Researchers link human skull size and climate
Hot head v cool head v Mr Potato Head
Humans grew bigger brains as the climate they lived in got cooler, according to researchers at the University at Albany, New York.
The researchers concluded that humans got brainier because they had to adapt to a more challenging environment. They base this assertion on a plot of cranial capacity of 109 fossilised human skulls against the corresponding paleontological record of two million years of changing climate.
As well as a relationship between a cooling earth and growing skulls, the researchers report that where the skulls were found matters, too, because the further you get from the Equator, the more varied the weather becomes.
Gordon G Gallup Jr, a professor of evolutionary psychology at the university, and co-author of the work along with graduate student Jessica Ash, commented: "It became clear that seasonal variation in climate may also have been an important selective force behind the evolution of human cranial capacity. Specifically, we found that as the distance from the Equator increased, north or south, so did brain size."
Lower temperatures and seasonal variations threw up new challenges for the early human, such as fluctuations in the availability of food and the need for fire and clothes to keep warm, the researchers argue. More co-operation would have been needed to find, preserve, and store food; and the people would have needed more complex tools. Along with that, more intricate social structures would have evolved, which in turn would have required more grey matter.
The researchers suggest that having to adapt to the impact of lower temperatures could account for as much as 50 per cent of the increase in the size of our skulls.
The researchers don't mention whether or not the extra small human skull found on the island of Flores was included in the sample. ®
Helps to explain the South (US)
What is head size for?
AFAIK, there is no proof that "intelligence" varies with distance from the equator. Equally, there is no evidence that "intelligence" varies with brain size (for "normal" brains). If there were, I'm sure we'd have heard about it by now :-)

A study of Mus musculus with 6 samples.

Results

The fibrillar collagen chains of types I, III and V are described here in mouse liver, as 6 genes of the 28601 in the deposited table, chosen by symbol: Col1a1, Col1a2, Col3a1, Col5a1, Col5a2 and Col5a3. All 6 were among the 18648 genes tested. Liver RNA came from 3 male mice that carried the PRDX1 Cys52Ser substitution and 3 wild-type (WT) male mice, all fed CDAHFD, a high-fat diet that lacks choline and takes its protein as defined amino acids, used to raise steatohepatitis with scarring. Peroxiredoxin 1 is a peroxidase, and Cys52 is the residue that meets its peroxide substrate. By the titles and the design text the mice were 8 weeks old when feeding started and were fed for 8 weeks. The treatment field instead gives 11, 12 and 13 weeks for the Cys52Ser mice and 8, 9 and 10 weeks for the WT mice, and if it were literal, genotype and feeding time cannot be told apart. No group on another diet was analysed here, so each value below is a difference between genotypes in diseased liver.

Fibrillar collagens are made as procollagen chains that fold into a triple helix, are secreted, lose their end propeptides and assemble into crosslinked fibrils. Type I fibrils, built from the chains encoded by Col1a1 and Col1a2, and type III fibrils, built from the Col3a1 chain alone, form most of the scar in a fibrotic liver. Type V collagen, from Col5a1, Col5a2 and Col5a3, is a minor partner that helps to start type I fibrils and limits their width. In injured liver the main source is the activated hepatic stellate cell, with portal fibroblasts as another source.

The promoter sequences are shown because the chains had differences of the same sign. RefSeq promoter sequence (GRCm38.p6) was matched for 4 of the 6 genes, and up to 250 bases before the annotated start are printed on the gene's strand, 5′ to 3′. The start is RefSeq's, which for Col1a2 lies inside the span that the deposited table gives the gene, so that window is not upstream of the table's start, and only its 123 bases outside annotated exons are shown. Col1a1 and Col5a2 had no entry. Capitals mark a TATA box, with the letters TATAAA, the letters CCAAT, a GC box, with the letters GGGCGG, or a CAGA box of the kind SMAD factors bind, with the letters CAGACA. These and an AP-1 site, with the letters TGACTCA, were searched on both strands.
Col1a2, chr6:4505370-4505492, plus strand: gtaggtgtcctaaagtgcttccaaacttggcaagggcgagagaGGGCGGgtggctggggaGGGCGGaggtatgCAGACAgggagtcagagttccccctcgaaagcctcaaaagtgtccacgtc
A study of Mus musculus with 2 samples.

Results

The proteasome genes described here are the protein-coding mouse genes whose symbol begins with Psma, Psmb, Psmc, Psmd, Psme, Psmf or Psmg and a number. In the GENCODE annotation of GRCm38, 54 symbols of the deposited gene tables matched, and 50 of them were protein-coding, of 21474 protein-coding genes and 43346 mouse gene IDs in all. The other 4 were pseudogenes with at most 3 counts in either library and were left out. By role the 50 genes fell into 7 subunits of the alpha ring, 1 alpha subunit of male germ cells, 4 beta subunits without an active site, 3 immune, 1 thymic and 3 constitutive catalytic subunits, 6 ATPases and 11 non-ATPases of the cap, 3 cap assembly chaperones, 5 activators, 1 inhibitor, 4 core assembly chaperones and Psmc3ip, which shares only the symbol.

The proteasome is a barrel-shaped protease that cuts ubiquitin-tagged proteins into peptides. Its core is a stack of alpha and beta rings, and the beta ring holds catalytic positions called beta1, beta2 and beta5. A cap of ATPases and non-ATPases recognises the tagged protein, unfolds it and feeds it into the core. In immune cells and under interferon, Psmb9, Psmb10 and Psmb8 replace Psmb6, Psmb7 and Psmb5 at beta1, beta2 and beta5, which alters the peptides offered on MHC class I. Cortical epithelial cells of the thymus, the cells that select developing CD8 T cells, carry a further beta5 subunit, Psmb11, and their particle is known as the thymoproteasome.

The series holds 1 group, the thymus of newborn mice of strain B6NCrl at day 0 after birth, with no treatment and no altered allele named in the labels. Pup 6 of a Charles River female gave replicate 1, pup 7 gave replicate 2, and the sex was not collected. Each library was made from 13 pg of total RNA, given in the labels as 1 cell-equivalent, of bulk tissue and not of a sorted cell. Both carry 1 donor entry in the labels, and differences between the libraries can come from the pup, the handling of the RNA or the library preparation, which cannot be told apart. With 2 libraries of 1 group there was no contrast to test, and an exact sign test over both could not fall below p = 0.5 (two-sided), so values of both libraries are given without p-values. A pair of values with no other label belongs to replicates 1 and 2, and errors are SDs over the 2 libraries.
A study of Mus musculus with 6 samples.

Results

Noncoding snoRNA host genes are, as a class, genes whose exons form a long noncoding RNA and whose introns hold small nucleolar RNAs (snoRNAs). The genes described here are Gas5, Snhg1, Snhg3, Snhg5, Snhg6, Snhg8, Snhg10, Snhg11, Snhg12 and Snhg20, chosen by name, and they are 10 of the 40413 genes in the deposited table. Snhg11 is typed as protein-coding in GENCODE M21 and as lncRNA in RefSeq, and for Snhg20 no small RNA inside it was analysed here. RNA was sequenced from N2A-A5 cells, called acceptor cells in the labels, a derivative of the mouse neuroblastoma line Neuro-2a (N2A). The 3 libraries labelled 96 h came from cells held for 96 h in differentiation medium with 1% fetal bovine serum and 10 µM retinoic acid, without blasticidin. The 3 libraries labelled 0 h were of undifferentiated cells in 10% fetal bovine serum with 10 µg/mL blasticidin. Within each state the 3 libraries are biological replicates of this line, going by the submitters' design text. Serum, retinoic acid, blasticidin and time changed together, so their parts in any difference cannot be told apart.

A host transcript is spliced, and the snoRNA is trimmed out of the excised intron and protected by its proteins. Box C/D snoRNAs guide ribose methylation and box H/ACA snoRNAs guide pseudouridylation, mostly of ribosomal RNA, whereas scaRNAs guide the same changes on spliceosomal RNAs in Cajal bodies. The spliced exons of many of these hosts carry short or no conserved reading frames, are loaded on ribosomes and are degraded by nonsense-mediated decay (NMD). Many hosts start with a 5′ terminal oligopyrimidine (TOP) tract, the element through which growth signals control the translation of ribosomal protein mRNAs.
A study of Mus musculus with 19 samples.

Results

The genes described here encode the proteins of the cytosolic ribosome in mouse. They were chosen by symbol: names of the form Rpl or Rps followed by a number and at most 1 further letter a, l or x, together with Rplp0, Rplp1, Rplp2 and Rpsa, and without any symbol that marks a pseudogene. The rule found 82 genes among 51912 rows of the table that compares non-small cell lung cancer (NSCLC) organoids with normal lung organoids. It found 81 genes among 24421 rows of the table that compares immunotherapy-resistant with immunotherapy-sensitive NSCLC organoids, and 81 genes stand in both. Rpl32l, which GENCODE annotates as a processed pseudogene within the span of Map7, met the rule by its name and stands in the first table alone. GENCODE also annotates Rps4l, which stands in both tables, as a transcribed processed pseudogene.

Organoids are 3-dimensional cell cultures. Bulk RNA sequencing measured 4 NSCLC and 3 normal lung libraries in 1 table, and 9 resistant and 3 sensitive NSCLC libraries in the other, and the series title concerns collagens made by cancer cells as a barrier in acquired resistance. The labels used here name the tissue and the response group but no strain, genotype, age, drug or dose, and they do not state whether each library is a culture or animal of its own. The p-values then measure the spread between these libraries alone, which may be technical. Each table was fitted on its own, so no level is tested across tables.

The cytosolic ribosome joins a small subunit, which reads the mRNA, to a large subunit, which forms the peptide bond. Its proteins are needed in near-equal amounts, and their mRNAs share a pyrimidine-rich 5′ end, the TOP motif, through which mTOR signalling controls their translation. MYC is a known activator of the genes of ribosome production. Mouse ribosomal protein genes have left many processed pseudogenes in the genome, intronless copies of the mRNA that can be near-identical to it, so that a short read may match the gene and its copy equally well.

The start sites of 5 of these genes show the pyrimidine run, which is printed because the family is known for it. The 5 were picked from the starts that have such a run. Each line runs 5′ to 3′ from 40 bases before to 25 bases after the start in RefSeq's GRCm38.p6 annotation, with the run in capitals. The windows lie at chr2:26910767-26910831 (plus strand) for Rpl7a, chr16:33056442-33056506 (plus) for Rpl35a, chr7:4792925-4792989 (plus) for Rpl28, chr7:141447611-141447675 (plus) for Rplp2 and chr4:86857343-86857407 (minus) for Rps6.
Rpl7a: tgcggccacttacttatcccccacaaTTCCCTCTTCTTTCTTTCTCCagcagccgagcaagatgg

Rather than assuming that distance from the equator allowed brains to grow to a more "productive" size, we should consider what other eveloutionary benefits might arise from moving to a cooler climate. I can think of one straight off: plumbing.
The brain is a very energy-intensive and blood-intensive organ. A larger head in a hot climate will presumably absorb more heat, which is inefficient for the body as a whole and the brain in particular (cheetahs can only run at top speed for a few seconds because their brains can overheat and they can pass out). By adapting the brain's plumbing to a cooler climate, evolution is making sure that growing a head is as simple as necessary (why waste effort - and risk failures - by fitting the plumbing into as small a space as possible?) and giving the body - and the brain in particular - another way to cool down.
Just because mankind's "intelligence" has allowed it to survive and thrive, we assume that it is more important than any other bodily function; nature doesn't care and is far smarter than us!
I'm not a biologist, BTW - please feel free to point out any errors in my assumptions :-)
Speaking of Self-Appointed...
"Either you want to improve the world or you want to play passive aggressive, games- judgemental and superior posturing to impress the ladies with your clarity and restraint, but it strikes women, more and more, as simply patheic posturing and parroting as compensation for not having any conviction in your self generated observations..."
Speaking of tiresome isn't this rant just a bit 1980's feminist. Letting a discussion devolve into personally-driven gender issues and screed doesn't speak well of your ability to make a cogent point. I did appreciate, however, the subtle irony of your lapse into precisely those behaviours against which you rail - judgmentalism, posturing, parroting, self-generated observations. Nice touch.